Paint protection film

Paint protection film (PPF, also called a clear bra, clear film or clear paint film) is a thermoplastic urethane often self-healing film applied to painted surfaces of a new or used car in order to protect the paint from stone chips, bug splatters, and minor abrasions. This film is also used on airplanes, RVs, cell phones, electronics, screens, motorcycles and many other areas. The paint protection film is OEM approved by virtually all car manufacturers.

PPF-Paint Protection-Film
PPF

The paint protection film is installed on a limited basis by manufacturers on various pieces of cars at the factory (e.g. the rear arches of Porsches). This film is most commonly applied to high-impact areas of vehicles which include: the hood, the front fenders, the front bumper, the side-view mirrors, the rocker panels, the lower portion of the doors, and the rear guards behind the rear wheels. This is because these specific panels are the most susceptible to damage from rock chips and other forms of road debris from other vehicles, driving near construction, and even through self-inflicted damage—which is caused by simply driving due to the fact that debris is inevitably is kicked up from the tires rotating. The film is generally installed by certified trained professionals who receive supplies from outside distributors and dealers.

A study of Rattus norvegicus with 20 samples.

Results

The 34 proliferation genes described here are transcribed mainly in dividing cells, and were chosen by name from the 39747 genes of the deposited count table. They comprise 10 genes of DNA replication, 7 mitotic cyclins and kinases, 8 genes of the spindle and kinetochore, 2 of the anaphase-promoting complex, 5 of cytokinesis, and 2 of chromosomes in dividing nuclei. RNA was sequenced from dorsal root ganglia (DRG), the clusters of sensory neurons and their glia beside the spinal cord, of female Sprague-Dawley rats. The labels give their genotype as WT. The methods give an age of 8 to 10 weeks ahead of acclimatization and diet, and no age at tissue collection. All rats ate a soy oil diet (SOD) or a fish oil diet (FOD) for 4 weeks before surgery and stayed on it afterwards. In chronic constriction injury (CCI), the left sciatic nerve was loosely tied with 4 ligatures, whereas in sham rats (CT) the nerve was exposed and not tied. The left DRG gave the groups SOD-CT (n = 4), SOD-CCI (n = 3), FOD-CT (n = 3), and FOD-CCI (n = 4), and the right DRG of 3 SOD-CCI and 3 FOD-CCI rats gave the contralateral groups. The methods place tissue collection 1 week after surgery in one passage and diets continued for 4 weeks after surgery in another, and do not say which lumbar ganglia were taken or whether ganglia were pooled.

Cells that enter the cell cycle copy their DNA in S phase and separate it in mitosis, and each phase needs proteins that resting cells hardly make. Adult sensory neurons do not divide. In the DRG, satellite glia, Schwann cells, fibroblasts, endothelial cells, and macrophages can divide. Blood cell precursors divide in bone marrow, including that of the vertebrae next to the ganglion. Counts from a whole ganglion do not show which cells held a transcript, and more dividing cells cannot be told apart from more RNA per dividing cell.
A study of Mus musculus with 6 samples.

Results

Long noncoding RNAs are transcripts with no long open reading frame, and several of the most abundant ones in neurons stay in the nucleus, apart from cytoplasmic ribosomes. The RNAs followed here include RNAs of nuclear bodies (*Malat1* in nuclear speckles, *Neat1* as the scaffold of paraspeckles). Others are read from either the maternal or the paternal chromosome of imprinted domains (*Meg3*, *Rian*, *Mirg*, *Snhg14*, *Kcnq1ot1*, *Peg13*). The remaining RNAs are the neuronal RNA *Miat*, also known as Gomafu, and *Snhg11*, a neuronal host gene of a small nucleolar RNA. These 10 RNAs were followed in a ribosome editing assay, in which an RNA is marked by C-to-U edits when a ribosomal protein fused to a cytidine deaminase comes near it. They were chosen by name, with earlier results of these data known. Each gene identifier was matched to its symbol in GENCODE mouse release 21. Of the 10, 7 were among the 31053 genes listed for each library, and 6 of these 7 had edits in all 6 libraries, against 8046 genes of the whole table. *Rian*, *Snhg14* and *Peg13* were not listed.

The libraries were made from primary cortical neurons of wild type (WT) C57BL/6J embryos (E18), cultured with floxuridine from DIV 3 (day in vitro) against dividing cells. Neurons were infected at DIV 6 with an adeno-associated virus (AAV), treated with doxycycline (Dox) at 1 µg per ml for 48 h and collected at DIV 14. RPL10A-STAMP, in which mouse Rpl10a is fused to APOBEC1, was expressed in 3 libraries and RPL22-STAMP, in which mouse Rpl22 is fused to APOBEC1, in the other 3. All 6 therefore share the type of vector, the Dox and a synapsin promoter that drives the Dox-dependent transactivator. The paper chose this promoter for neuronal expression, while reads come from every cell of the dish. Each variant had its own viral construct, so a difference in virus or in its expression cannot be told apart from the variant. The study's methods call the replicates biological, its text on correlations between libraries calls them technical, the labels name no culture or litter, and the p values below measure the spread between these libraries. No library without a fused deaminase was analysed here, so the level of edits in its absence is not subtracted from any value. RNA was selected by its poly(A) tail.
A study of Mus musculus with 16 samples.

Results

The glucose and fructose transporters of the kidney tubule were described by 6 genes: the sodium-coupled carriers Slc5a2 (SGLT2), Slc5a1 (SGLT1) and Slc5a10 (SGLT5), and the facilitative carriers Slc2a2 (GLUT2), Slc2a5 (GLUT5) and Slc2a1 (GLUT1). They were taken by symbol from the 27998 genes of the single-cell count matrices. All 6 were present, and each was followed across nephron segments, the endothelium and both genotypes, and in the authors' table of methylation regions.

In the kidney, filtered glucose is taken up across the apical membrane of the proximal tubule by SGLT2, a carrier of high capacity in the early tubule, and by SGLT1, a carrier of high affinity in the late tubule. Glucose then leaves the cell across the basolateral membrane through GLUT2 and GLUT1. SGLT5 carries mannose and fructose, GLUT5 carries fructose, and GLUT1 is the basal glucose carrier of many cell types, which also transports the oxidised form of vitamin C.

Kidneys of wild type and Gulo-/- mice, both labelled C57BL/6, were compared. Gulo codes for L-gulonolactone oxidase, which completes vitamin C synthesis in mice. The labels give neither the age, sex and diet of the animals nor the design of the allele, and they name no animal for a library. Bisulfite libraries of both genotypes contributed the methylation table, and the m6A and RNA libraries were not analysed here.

Adoption of PPF by the automotive sector


Paint protection films used by the military have continued to the present day and 3M now makes a wide variety of aerospace and military films. With time, however, the automobile industry began to take note of the protective benefits of PPF and it was soon being employed by race car drivers despite the difficulty of working with the original films. According to Kathy Lam, marketing manager for the automotive division of 3M “The first films were thicker and less compliant, [because] their purpose was to help keep helicopter blades from eroding in the harsh, sandy environments to which they were exposed. Because the blades were flatter and less complex than automotive surfaces, they didn’t demand a highly flexible, conformable film.